The U.S. Census Bureau released it’s last bunch of information from the 2010 national count today. Gary Krob helps sort through the information for the State Data Center.
Krob says this release is almost more notable for what it doesn’t include that what it does include. He says 2010 was the first census to not have a long form questionnaire that includes income information. Krob says the income information is now collected every year in what’s called the “American Community Survey.”
This information does include more detailed demographic information and Krob says there were a few things that stuck out. He says there was a significant increase in unmarried partners in Iowa, and he says the reasons behind that are anyone’s guess, and it’s not clear whether it has anything to do with same-sex marriage or not.
Krob says there was a “fairly significant” increase in the number of grandparents living in households, and in a lot of cases it was grandparents living in households with parents as well. The numbers on grandparents could indicate a trend due to the economy, but Krob says that’s not immediately clear when you look at previously released income data.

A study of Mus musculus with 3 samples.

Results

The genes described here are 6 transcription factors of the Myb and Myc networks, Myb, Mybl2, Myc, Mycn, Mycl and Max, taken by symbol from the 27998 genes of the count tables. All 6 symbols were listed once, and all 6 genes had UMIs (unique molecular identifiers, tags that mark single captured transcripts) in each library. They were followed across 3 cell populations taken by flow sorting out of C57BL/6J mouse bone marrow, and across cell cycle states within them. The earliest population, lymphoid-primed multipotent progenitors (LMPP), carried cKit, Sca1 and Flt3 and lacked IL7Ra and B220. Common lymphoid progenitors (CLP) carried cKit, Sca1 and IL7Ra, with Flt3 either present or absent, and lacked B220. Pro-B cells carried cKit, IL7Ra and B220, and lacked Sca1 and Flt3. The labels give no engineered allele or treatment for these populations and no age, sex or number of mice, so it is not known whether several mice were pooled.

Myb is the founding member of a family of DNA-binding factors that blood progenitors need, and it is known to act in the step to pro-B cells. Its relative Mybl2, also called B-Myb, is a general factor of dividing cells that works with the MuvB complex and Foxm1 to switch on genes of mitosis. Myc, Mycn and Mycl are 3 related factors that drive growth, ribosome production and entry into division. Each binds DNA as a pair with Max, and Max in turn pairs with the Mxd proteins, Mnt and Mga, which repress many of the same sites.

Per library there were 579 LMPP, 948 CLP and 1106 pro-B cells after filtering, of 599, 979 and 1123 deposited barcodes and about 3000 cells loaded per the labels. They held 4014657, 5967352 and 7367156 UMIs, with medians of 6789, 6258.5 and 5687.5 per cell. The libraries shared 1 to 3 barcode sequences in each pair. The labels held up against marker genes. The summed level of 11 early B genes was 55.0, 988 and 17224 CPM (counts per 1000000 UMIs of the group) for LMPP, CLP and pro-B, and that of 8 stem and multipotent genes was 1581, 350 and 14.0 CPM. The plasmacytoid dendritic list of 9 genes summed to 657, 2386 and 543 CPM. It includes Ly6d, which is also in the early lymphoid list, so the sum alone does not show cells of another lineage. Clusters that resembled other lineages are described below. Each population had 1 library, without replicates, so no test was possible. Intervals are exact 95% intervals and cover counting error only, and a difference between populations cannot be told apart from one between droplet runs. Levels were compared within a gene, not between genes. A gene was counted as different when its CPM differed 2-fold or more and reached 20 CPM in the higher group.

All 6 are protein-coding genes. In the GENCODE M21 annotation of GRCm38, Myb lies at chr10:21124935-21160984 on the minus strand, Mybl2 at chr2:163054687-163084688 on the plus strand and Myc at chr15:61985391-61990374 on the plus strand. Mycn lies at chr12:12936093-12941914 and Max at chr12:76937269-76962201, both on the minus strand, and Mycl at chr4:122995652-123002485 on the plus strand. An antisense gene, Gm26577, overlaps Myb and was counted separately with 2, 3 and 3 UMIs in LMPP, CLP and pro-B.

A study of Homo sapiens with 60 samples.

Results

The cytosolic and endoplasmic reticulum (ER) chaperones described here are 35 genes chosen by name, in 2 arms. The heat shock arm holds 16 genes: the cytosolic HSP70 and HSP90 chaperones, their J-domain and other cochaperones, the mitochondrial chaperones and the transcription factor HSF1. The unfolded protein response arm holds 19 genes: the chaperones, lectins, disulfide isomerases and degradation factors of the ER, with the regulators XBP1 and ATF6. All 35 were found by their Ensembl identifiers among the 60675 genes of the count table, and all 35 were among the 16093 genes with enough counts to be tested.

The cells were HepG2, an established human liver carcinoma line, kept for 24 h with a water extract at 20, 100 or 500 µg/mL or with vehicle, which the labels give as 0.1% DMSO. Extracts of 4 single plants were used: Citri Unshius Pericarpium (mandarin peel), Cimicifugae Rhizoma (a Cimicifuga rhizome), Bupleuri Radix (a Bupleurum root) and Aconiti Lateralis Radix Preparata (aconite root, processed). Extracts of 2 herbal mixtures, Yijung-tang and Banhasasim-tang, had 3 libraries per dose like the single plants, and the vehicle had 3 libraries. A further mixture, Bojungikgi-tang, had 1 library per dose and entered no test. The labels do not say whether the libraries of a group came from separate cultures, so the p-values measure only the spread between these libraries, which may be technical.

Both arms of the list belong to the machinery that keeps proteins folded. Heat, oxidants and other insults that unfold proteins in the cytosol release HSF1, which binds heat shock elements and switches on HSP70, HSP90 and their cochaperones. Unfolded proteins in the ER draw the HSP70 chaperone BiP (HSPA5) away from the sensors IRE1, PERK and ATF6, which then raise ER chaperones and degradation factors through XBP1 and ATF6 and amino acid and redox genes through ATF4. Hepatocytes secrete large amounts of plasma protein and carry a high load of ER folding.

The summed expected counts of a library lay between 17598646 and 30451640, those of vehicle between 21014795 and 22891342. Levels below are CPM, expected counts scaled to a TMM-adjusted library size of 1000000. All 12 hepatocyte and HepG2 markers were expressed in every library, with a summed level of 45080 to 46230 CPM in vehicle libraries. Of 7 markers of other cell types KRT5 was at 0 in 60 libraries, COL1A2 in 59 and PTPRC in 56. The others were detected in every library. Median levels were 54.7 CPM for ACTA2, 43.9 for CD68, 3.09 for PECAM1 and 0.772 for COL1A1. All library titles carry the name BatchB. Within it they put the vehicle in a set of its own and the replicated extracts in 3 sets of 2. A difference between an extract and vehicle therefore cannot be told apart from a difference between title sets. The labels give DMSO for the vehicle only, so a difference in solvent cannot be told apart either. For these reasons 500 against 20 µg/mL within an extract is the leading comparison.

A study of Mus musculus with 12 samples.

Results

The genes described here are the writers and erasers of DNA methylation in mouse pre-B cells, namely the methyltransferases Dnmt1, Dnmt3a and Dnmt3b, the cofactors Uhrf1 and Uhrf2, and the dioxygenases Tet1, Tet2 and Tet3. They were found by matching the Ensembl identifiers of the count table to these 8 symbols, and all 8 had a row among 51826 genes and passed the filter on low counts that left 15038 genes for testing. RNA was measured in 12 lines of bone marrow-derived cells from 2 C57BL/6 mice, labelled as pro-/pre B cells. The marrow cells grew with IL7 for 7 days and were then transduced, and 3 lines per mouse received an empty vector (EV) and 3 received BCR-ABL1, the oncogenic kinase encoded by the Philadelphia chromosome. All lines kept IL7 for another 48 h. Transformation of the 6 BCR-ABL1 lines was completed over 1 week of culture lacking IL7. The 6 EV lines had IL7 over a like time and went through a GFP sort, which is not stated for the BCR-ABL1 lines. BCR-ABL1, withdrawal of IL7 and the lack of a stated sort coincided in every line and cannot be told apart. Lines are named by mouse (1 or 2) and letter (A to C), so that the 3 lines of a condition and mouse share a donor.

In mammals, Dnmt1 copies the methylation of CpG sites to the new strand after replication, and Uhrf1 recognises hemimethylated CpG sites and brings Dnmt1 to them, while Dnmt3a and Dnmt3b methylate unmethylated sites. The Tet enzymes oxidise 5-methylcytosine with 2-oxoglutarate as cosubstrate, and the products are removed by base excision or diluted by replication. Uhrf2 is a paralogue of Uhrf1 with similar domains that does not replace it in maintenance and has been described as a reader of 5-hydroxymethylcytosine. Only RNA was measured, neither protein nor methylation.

Krob says for the most part the data showed there was an increase in median household income, but that was for the period of 2005 to 2009. He says there will be another income data release in the fall and that will include 2006 to 2010, so he says the year-to-year data release may not be showing up just yet in the data.
General information already released showed there were double and triple digit increases in the Hispanic populations in the state from 2000. Krob says the more detailed information on the Hispanic population released today caught his interest. He says the Hispanic population increase in almost every age group from under 1-year-old to 104-plus, and he says there may’ve been only one or two age groups where there was a decrease. Krob says the information is used for a lot of different things.
Krob says a lot of government entities use it to do budget planning, and all types of groups use it as support for grants they seek from the government. He says it’s also useful for someone who might want to start a business wanting to get a detailed picture of the makeup of their community.
You can find out more about the Census data at the State Data Center website at: www.iowadatacenter.org.